Industrial Hygiene Success Story
Case 1: Wood Furniture Survey (SIC 2499)
In April 2000, an industrial hygienist from the Georgia Tech Safety and Health Consultation Program visited a large hard wood furniture manufacturing company with approximately 250 employees. Representative air monitoring for hard wood dust and noise was conducted throughout the facility.
The health hazards associated with exposure to wood dust include eye irritation, dermatitis, and asthma. Some hard woods such as beech and oak have been classified as A1 carcinogens, which are confirmed human carcinogens.
Results of air monitoring indicted that employees' exposures to wood dust exceeded the OSHA PEL of 15mg/m3 (as total dust) and the ACGIH TLV of 1 mg/m3 in several areas of the facility. In some cases wood dust exposures even exceeded 105 mg/m3. Employees in the facility did not wear respirators, and dust collection systems were not utilized to help control exposures. If the wood dust levels were not reduced, then respirators would be required (prior to the monitoring, they were only voluntary). Noise monitoring results revealed that several employees were exposed to noise levels in excess of the OSHA PEL of 90 dBA, and numerous other health hazards were identified during the survey. It was also noted that the company had not completed many of OSHA's required safety and health programs such as hazard communication, respiratory protection, personal protective equipment, and hearing conservation.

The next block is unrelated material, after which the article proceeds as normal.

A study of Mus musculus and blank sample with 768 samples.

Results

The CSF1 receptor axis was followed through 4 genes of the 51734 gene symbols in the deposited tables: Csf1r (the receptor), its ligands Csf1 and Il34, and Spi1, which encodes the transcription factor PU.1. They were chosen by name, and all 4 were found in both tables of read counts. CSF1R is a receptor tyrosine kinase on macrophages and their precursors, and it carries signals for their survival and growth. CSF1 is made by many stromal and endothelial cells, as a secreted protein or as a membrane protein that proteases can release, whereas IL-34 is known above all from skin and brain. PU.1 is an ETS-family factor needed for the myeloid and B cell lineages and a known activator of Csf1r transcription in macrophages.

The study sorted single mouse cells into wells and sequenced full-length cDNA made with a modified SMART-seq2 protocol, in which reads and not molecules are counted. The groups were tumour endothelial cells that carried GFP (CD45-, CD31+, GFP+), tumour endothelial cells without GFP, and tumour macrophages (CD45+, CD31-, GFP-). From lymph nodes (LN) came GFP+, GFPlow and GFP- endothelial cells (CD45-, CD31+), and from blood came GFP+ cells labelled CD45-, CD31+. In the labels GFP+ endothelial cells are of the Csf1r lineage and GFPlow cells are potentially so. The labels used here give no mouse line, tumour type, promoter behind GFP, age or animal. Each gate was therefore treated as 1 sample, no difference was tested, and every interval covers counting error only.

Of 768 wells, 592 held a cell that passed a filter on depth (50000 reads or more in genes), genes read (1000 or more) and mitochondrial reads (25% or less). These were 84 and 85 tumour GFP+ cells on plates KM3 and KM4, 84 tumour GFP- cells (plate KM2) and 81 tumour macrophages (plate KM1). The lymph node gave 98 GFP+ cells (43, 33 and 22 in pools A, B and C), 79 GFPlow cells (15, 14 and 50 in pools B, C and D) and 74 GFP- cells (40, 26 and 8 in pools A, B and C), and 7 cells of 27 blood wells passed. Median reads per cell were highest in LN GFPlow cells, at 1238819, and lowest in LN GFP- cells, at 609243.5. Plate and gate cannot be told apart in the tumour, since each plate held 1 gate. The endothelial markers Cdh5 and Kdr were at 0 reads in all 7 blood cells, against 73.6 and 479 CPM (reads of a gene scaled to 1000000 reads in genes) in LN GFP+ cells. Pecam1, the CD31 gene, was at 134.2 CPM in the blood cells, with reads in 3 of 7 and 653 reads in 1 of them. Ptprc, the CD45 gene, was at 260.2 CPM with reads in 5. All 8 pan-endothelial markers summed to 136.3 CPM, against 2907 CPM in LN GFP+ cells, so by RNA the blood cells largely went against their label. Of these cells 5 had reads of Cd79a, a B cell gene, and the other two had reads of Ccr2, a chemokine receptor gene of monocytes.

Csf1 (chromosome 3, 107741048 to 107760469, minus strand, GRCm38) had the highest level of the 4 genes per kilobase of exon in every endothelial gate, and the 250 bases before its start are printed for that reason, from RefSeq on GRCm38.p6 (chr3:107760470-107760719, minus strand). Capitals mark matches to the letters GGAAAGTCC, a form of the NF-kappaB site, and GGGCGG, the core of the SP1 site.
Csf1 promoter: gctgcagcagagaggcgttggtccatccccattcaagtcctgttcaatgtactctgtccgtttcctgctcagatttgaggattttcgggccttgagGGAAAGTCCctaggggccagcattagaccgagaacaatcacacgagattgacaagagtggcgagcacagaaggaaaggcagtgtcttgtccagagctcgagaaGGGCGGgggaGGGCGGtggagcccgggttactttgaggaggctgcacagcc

Following the initial survey, the company, concerned by their lack of knowledge in health and safety, hired a safety and health director to address the identified health hazards and to develop a comprehensive safety and health program for the facility. Because of the high wood dust concentrations identified during the initial industrial hygiene survey, the company installed dust collection systems and modified employees' work practices. Follow-up air monitoring for wood dust indicated that these control measures had reduced wood dust levels by greater than 95%. The company was also able to reduce some of their employee's noise exposures by 5 to 10 decibels by adding engineering controls. Additionally, the company corrected all other health and safety hazards identified during the initial survey.
The reductions in wood dust exposure significantly impacted both the workers and the employer. The wood dust exposures were reduced to levels below the OSHA PEL and the noise levels were decreased in some areas of the facility. Employees are no longer required to wear respirators and some are not required to wear hearing protection, which has improved employee morale. The noise reduction has eased communication in the production areas. The company benefits by reducing the amount of time spent on respirator training and respirator program management and also is more cost effective through a reduction in the number of respirator used by employees. Thus, implementing engineering controls improved the working conditions and reduced overhead costs.